Eyelid surgery, medically known as blepharoplasty, is among the most common cosmetic procedure performed on the face. About one hundred thousand people have it done annually in the U.S. to achieve a more youthful appearance or repair an issue that interferes with vision. More women than men have eyelid surgery, and it is often combined with another procedure, such as a face lift or skin resurfacing.
Why Choose Eyelid Surgery?
Like other areas of the body, eyes are subject to the effects of aging. Bags or puffiness under the eyes can give a tired appearance. Droopy eyelids can make a person look old. They can also impair vision. Since blepharoplasty is performed for either cosmetic or function, anyone considering the procedure does so based on what they need and want for their eyes. Patients can opt for upper eyelid surgery, lower eyelid surgery or both, depending on what issues they want to correct. The result should be firmer eye area skin, a fresher appearance, and less impaired vision.
An examination and consultation precedes blepharoplasty so that the surgeon can determine if the patient is a good candidate for surgery. Patients are asked about their vision, use of lenses, tear production, and reasons for wanting eyelid surgery. An explanation of the procedure is given to the patient so that it is clear what the surgery should accomplish. Patients will be told about risk factors and what factors may contribute to a more successful outcome, such as age, ethnicity, and skin type. For purely cosmetic procedures, the physician may recommend a simultaneous surgery, such as a forehead lift, to help further reduce the signs of aging.
With upper eyelid surgery, the physician marks individual lines and eyelid creases to minimize the appearance of scars. An incision is made, and the doctor removes excess fat, loose skin, and muscle. Then, the incisions are closed with fine sutures, which can help minimize scar visibility.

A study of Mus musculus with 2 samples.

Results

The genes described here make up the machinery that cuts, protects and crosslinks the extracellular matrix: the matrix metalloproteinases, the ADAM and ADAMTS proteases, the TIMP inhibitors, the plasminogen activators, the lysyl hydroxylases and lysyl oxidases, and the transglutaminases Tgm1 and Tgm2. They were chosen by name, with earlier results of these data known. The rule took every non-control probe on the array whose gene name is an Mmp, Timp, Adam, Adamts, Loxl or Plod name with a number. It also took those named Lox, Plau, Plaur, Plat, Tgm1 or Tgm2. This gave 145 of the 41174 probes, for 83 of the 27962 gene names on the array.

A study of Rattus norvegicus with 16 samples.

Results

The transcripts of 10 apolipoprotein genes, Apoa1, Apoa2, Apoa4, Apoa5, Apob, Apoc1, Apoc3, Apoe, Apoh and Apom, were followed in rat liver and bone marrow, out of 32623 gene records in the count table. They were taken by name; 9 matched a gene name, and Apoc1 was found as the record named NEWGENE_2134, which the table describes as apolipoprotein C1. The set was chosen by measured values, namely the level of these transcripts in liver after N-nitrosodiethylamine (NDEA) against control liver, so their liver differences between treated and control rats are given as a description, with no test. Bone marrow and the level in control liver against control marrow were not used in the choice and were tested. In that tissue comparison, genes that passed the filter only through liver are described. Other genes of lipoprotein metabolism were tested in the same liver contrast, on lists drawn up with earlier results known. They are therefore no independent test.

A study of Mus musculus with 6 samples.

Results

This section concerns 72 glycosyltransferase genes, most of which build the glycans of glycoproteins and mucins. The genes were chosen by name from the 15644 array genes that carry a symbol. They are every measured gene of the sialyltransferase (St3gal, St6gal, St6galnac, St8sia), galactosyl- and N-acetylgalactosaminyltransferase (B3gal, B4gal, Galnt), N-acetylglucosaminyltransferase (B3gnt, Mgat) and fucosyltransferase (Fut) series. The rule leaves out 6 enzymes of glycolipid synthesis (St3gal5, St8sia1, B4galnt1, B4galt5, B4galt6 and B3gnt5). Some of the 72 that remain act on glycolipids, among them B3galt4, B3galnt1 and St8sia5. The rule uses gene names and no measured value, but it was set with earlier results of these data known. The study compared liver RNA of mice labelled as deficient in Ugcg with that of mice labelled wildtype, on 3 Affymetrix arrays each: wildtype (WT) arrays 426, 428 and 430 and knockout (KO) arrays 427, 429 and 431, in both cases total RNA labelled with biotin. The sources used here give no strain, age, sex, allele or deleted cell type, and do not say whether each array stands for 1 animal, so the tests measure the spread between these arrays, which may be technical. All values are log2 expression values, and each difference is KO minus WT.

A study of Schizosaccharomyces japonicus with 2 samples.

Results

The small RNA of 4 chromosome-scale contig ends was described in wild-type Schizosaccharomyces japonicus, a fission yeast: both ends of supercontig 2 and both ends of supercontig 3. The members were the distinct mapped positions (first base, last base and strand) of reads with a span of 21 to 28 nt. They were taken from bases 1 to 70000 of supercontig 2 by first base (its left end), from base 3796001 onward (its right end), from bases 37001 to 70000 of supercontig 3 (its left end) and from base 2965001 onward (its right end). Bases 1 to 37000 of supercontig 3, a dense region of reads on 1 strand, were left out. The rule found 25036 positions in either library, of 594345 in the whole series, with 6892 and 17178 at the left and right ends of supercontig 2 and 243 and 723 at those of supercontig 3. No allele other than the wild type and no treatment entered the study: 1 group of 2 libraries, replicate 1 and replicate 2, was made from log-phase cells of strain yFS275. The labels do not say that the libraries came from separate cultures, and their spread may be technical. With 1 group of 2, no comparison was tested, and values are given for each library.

For lower eyelid surgery, an incision is made along the eyelash line and in the smile creases under the eyelid. The doctor then trims excess fat, skin, and muscle, and the incision is closed with fine sutures. A separate procedure called transconjunctival blepharoplasty is performed on patients with eyelid puffiness that is caused mainly by excess fat. For this procedure, the doctor makes an incision inside the lower eyelid and removes the excess fat. Sutures used to close the incision are invisible and self-dissolving.
Eyelid surgery is typically an outpatient procedure and takes one or two hours to finish. Doctors do the upper eyelid first, if both upper and lower surgery is being performed.
After surgery ends, tiny sterile bandages may be applied to the eye area, but covering the eyes is not necessary. Bruising and swelling is normal and to be expected. Patients may experience dry, itchy, sticky eyes. The doctor may recommend eye drops or ointment. Three-to-five days after surgery, permanent stitches are removed. Elevating the head and using cold compresses may boost healing and relieve pain.